IT industry terms Ohio's outsourcing ban 'discriminative'
Indian IT industry today termed the Ohio state's bill to ban outsourcing of its IT projects discriminative and counter-productive to the US government thrust on reducing public deficit.india Updated: Sep 08, 2010 21:09 IST
Indian IT industry on Wednesday termed the Ohio state's bill to ban outsourcing of its IT projects discriminative and counter-productive to the US government thrust on reducing public deficit.
"Ohio's ban on outsourcing can only be viewed as counter-productive to the US government thrust on reducing public deficit and possibly lead to an increased tax burden on its citizens," the industry's representative body Nasscom said in a statement.
Noting that the move came at a time when the November elections to the US Congress and Ohio governorship were drawing closer, Nasscom president Som Mittal said that more such electoral rhetoric could be expected in the next few months.
"We are taking up the issue with the US officials concerned later this month. We will also seek the support of the union minister for Industry and Commerce Anand Sharma, who will be in the US at the same time," Mittal said.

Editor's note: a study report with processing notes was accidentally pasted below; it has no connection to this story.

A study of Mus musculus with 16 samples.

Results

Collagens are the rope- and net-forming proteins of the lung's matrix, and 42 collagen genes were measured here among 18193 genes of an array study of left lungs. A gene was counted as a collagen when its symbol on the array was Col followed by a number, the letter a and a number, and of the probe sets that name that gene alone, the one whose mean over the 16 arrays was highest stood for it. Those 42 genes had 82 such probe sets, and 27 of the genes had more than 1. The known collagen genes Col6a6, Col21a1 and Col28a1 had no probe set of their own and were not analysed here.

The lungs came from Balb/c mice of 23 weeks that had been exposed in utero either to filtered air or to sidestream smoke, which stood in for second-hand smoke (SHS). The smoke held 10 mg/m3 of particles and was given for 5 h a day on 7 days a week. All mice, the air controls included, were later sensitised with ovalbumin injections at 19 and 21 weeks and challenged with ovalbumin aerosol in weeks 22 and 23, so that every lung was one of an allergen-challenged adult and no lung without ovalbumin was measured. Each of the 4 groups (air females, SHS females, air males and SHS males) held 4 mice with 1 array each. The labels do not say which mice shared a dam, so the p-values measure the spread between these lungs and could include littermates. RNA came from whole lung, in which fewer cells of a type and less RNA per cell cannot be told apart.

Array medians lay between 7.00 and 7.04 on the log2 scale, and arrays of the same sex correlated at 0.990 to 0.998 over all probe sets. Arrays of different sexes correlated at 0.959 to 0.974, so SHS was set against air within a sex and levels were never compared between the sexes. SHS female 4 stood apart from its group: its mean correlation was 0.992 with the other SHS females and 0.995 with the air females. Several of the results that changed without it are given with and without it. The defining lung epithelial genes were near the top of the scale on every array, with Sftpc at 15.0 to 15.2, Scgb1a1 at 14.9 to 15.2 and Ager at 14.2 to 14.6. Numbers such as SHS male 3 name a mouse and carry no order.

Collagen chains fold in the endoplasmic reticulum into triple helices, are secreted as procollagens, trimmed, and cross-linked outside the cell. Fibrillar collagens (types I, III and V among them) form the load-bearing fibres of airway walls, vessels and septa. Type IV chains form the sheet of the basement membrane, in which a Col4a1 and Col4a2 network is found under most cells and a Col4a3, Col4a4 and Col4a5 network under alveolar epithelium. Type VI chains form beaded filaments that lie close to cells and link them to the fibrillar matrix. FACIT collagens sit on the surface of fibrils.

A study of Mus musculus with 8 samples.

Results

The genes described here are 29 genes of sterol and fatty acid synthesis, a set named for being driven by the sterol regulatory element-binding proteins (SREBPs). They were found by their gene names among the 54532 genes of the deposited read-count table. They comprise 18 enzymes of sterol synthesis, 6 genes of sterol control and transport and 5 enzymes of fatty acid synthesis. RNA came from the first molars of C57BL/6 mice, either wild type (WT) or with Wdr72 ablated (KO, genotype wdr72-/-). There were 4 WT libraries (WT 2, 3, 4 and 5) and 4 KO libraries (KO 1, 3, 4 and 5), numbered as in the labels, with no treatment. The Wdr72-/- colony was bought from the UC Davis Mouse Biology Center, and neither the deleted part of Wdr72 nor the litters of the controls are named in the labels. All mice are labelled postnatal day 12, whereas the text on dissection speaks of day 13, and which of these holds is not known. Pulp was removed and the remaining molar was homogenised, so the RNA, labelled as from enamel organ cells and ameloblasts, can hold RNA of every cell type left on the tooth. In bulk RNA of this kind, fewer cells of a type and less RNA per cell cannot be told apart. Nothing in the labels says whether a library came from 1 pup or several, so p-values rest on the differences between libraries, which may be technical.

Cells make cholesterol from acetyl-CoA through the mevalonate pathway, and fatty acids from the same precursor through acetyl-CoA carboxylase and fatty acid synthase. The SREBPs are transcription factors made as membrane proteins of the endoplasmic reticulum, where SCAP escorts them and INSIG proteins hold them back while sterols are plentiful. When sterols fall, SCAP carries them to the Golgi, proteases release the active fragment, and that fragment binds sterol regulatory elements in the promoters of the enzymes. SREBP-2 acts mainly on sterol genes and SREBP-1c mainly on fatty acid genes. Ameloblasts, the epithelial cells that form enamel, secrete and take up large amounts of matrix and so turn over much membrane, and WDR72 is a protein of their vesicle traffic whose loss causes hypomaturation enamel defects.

Endorsing Nasscom's stand against the controversial move, Indian IT bellwether Infosys Technologies expressed concern at the banning of offshoring of IT services by the Ohio government.
"We are concerned with the news from the US over banning offshore outsourcing by the Ohio government departments," Infosys chief executive Kris Gopalakrishnan said in a statement.
The company, however, hoped that its initiative in the public services sector would not be affected as it is focused on creating a domestic delivery centre in the US.
"Though the public sector in the US represents a small fraction in the overall demand for off-shored services, it is focus areas in the future for the Indian IT industry, as governments world over are seeing the benefits of employing IT in public services," Mittal asserted.
Nasscom is also studying the legality of such a bill being passed by the Ohio state government though international trade is a federal subject.
"It is imperative that the focus on free trade remains strong, but instances like Republican senator Schumer's Borders Security Bill and the Ohio state ban on outsourcing only reinforce our stand on discrimination," Mittal pointed out.
Since India was opening up not only in IT, but also in other areas for global firms, Nasscom has decided to work with key stakeholders to minimise the impact of such discrimination by highlighting the benefits of IT with international governments.